STEPHENVILLE, TX — The Eddie Routh trial has thrown post-traumatic stress into the limelight, with the American Sniper shot and killed by a soldier reportedly battling PTSD. A study by Face the Facts USA says one in five vets returning from Iraq and Afghanistan are diagnosed with the disorder.
“The statistics are probably worse than one in five. They are probably a little more devastating than that,” said Dr. Brandon Brock with Carrick Brain Center in Irving.
Dr. Brock also says the internal wars waging inside these wounded warriors are even more devastating.
“Well, there are some really alarming stats. The stats on suicide, they’re not good. They’re way too high,” Dr. Brock said.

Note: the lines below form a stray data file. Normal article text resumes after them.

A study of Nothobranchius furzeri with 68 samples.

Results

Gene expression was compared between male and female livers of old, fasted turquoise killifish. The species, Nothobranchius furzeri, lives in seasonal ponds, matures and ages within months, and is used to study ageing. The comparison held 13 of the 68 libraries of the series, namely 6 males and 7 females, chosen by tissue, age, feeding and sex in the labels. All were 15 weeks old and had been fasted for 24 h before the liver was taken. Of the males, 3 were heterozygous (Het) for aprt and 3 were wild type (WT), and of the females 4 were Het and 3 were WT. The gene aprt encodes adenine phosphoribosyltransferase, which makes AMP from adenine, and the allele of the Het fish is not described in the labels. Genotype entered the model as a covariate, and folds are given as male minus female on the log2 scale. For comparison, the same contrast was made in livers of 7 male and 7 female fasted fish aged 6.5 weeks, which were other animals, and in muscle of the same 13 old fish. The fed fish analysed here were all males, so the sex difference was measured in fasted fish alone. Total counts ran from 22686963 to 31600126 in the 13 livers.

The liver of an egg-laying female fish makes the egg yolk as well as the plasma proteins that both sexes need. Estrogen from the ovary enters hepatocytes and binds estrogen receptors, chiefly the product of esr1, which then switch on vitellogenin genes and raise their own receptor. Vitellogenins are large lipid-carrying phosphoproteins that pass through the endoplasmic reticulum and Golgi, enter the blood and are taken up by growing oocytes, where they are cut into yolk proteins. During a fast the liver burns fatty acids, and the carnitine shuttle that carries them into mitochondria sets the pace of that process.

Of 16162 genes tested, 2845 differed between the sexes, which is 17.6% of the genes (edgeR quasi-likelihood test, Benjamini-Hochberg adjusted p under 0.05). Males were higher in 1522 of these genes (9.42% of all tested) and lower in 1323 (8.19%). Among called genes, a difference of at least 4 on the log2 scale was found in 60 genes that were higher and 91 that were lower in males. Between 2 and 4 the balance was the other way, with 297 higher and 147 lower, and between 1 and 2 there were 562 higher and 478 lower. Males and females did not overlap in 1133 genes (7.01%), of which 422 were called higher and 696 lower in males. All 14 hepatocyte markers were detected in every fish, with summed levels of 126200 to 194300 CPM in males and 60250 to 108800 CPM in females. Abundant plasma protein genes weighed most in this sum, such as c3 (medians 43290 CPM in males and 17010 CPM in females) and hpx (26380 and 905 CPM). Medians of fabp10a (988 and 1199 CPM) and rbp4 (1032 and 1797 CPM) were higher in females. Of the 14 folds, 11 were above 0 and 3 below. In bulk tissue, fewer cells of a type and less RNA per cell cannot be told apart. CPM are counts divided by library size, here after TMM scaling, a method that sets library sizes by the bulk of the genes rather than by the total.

Up to 20% of suicides in the U.S. are vets who lose the battle after coming home.
“I have a very, very close personal friend on SEAL Team 10 that suffers horrendously from PTSD, and it’s tough to see him go through it,” said Casey Gray.
Gray, who’s dealing with a traumatic brain injury, believes the stigma attached to PTSD keeps a lot of vets from seeking help.
“I believe some guys are afraid if they ask for help that they’re going labeled as ‘It’s a weakness,’” Gray said.
Gray has seen his fair share of action. “In 2011, I was in a C-H 47 helicopter crash and had multiple orthopedic surgeries, traumatic brain Injury.”
While he is on the road to recovery from his injuries, PTSD is harder to diagnose, harder to treat, and soldiers often suffer in silence.
“Know there are a lot of people who are struggling,” Dr. Brock added. “And a lot of people on the outside don’t look as if they are having a lot of problems, but deep down inside they really are.”